Aims/hypothesis: The aim of the study was to evaluate the relationship between insulin sensitivity, beta cell function and glucose tolerance, and its dependence on variants in the newly identified Type 2 diabetes susceptibility gene, calpain-10 ( CAPN10).
Methods: We studied 203 men of the same age but with varying degrees of glucose tolerance. These men participated in (i) an oral glucose tolerance test, (ii) a euglycaemic clamp combined with indirect calorimetry and infusion of [3-(3)H]-glucose and (iii) a stepwise assessment of acute insulin response to arginine (AIR) at three different glucose concentrations (fasting, 14 and 28 mmol/l).
Results: There was a linear increase in NEFA levels ( p<0.0005) and WHR ( p<0.0005) and decrease in glucose uptake due to a reduction in glucose storage over the entire range of glucose tolerance ( r=-0.404; p<0.005). No increase in endogenous glucose production (EGP) was seen until patients had manifest diabetes. However, when EGP was expressed relative to fasting insulin concentrations, there was a linear deterioration of basal hepatic insulin sensitivity ( r=-0.514; p<0.005). The AIR followed a bell-shaped curve with an initial rise and subsequent decrease. However, AIR adjusted for insulin sensitivity (disposition index) showed a linear decrease with increasing glucose concentrations ( r=-0.563; p<0.001) starting already in subjects with normal glucose tolerance. There was an inverse correlation between increase in WHR and NEFA and peripheral as well as hepatic insulin sensitivity. Subjects with the genotype combination of CAPN10 consisting of SNP44 TT and SNP43 GG genotypes had significantly lower insulin-stimulated glucose uptake than carriers of the other genotype combinations (5.3+/-0.4 vs 7.2+/-0.4 mg.ffm kg(-1).min(-1).mU.l(-1); p<0.005).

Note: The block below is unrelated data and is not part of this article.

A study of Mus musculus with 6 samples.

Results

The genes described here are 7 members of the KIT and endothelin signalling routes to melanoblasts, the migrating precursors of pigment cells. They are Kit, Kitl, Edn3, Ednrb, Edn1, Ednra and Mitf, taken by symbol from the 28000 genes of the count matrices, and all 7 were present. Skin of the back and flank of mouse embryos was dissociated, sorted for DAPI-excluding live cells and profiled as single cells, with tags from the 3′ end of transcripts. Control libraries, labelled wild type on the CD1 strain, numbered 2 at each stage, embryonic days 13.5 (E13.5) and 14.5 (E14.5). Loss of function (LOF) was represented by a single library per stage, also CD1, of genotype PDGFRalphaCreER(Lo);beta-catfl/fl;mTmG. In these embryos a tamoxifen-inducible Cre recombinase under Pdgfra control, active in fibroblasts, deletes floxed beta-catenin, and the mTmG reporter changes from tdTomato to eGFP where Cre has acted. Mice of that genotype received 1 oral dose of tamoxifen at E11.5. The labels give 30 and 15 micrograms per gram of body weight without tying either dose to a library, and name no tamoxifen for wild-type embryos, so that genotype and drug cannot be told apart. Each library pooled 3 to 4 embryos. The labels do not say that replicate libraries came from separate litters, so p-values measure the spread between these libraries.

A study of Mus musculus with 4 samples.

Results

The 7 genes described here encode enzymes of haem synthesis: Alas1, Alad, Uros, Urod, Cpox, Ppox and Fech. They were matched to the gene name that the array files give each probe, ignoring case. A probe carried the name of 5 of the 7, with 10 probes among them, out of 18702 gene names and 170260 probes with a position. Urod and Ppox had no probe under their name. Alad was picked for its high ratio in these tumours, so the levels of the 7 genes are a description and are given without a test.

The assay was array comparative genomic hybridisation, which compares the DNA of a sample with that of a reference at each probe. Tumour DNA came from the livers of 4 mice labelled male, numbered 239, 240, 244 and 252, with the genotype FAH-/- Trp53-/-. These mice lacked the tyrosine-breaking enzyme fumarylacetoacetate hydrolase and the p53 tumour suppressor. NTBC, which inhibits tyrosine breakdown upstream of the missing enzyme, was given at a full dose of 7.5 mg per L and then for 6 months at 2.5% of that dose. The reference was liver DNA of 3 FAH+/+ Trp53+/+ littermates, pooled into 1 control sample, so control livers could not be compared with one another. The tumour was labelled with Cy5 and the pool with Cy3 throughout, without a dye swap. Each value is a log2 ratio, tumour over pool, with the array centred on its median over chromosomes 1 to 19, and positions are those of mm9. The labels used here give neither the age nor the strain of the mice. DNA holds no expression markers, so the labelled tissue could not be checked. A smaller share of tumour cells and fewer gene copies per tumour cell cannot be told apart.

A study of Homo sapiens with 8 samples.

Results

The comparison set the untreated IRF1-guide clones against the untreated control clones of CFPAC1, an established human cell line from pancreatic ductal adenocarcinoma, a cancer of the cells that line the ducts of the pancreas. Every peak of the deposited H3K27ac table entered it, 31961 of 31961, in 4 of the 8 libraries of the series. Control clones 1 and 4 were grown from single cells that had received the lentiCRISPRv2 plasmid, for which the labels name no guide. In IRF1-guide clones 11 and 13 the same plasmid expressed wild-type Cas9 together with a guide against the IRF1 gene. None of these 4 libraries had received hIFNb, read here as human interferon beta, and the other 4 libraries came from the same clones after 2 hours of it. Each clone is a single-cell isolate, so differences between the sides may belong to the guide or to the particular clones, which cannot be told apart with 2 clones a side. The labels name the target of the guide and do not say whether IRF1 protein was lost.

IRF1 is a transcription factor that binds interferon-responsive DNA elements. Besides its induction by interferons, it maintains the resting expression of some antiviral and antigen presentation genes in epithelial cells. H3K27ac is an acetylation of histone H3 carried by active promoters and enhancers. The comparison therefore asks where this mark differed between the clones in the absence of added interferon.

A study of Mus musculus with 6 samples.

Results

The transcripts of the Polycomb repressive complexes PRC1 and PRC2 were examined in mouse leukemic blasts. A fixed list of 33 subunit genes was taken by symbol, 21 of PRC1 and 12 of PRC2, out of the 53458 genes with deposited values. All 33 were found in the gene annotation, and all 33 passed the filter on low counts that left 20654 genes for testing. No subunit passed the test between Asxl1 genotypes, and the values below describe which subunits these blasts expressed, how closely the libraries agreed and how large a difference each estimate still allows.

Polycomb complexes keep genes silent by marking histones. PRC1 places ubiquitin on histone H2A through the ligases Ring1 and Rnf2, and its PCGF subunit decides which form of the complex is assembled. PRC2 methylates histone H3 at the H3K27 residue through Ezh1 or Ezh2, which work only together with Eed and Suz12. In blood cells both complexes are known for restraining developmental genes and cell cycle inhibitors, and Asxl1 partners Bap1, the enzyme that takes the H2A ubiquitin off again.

Conclusions/interpretation: We conclude that the pre-diabetic state is characterised by a similar linear deterioration of peripheral and hepatic insulin sensitivity as beta cell function and that variants in the CAPN10 gene modify this relationship. These findings are compatible with a common defect in muscle, liver and beta cells in the pathogenesis of Type 2 diabetes.